Synopsis: Cinder’s life is far from a fairytale. Every day she works her fingers to the bone at the marketplace to keep her stepmother and stepsisters living in the luxury they’re accustomed too. If that weren’t hard enough, she happens to be a cyborg too – with one robotic hand and one robotic leg. Fate has dealt Cinder a bad hand, but is her luck about to change when a handsome, eerily familiar customer stops by her booth?


The idea of a half robotic Cinderella did put me off initially, but somehow it works. Cinder herself is resourceful, sarcastic and, despite all hardships, extremely kind-hearted. What’s interesting about this retelling is that Cinder is no longer a damsel in distress. As events spiral out of her control she realises her potential to save herself. And girl empowerment certainly ticks all my boxes.

“I’m sure I’ll feel much more grateful when I find a guy who thinks complex wiring in a girl is a turn-on.” 

If you’re expecting romance (I certainly was) then this book isn’t going to light you on fire. Not that there’s anything wrong with that. Prince Kai is a well defined character who manages to escape falling into too many cliché traps. His relationship with Cinder never feels as though it’s progressing too quickly. Still, personally I’d hoped for a few more interactions between the two of them.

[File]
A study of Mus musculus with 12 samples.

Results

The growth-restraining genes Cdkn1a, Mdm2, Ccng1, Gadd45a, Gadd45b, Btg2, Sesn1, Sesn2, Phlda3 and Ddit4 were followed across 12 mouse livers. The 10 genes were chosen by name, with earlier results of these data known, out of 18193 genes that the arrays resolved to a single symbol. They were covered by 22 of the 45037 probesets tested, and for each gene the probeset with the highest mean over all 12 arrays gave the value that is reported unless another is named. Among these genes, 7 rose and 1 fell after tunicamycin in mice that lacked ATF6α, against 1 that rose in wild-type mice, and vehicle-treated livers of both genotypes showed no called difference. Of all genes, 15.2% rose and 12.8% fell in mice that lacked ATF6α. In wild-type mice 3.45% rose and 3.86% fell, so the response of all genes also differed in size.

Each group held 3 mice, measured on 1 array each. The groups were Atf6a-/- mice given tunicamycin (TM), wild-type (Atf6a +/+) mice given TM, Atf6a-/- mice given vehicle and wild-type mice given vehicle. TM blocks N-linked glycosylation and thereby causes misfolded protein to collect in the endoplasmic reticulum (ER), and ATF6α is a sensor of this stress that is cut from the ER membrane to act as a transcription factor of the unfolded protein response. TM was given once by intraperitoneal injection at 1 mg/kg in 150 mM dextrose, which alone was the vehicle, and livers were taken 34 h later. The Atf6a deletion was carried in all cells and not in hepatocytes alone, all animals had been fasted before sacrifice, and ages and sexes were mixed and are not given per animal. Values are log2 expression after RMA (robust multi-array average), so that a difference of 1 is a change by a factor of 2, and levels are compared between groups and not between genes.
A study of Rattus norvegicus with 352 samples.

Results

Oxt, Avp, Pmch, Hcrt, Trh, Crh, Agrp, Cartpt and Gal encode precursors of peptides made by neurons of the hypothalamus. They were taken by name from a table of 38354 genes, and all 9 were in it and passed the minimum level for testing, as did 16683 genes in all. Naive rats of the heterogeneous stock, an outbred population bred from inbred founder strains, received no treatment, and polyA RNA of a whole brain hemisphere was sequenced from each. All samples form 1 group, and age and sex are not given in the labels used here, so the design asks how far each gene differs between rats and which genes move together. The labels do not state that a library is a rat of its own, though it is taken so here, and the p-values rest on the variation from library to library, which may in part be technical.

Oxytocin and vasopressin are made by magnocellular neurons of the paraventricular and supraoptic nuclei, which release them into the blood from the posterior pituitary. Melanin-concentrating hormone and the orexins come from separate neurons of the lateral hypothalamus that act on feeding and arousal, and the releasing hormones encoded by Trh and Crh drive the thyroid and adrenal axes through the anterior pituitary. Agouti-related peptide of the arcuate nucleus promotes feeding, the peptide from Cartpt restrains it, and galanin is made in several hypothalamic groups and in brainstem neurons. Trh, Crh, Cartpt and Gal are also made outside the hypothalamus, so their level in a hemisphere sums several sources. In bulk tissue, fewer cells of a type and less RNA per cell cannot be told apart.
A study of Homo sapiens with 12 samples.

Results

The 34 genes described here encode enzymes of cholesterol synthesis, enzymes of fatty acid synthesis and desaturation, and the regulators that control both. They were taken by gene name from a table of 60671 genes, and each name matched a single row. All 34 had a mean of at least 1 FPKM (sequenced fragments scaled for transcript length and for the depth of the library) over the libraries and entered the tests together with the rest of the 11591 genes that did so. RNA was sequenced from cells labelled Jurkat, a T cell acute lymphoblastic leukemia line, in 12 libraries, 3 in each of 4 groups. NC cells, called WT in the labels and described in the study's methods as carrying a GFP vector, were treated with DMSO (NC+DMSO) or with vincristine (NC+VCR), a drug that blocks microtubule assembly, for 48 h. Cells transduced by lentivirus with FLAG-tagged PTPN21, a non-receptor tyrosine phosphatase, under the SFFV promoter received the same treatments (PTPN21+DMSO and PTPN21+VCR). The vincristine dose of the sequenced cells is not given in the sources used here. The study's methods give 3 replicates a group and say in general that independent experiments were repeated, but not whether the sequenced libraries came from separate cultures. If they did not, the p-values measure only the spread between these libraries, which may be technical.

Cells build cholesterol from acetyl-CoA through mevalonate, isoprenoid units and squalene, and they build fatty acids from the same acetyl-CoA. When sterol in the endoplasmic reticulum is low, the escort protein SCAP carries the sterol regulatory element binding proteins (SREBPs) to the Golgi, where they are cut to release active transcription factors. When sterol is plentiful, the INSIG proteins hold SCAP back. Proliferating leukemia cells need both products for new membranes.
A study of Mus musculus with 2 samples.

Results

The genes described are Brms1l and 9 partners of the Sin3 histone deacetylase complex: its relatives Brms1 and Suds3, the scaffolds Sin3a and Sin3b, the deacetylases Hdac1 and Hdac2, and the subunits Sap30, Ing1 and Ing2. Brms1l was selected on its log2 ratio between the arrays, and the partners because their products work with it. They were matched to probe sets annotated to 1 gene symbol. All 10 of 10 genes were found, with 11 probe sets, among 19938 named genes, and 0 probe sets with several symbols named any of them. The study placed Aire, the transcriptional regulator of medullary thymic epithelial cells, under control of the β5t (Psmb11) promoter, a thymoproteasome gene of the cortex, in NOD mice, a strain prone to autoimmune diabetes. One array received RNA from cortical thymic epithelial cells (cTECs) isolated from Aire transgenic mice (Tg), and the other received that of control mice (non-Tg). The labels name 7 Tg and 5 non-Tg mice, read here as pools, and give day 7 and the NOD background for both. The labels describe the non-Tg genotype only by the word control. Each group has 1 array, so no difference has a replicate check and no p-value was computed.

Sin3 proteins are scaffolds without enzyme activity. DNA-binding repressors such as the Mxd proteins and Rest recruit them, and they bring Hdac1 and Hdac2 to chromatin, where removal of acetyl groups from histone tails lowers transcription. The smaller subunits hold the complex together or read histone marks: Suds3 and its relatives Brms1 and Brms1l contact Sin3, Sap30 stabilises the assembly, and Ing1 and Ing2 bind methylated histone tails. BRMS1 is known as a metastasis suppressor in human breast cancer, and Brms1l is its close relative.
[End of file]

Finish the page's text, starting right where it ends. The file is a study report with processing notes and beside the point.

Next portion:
“Steadying herself with both hands on the table, she managed an awkward bow.
‘Your Highness,’ she stammered, head lowered.
The prince flinched and cast a glance over his shoulder before hunching toward her. ‘Maybe, um…’ – he pulled his fingers across his lips – ‘on the Highness stuff?”

The one criticism I would have of this book is that there is a lot going on. Just as I was getting comfortable, another element would be thrown into the mix, leaving me slightly dazed. Though it is the start of a trilogy and therefore can justify an influx of plot threads, I did struggle, at times, to keep up as Cinder’s obstacles mounted. Still, I was left desperate to get my hands on the second book (Scarlet; a loose retelling of Red Riding Hood) which is always a good sign. I sense this trilogy may become a real favourite of mine.

I’d happily recommend Cinder to just about anyone right now. It’s chock full of adventure, intrigue and sci-fi jollies (and not a mouse in sight!). Cinder is revamped from a girl dreaming of a dress and a ball to a girl who longs for skin grafted robotic limbs. Practically unrecognisable from the tale that inspired it, Cinder is a read tailor made for any 21st century outcast.

(Sidenote: Thanks so much for all your great recommendations on my last post – just so you guys know I purchased a beautiful hardback cover of Miss Peregrine’s Home For Peculiar Children and it’s on the top of my TBR list. Keep your tips coming!)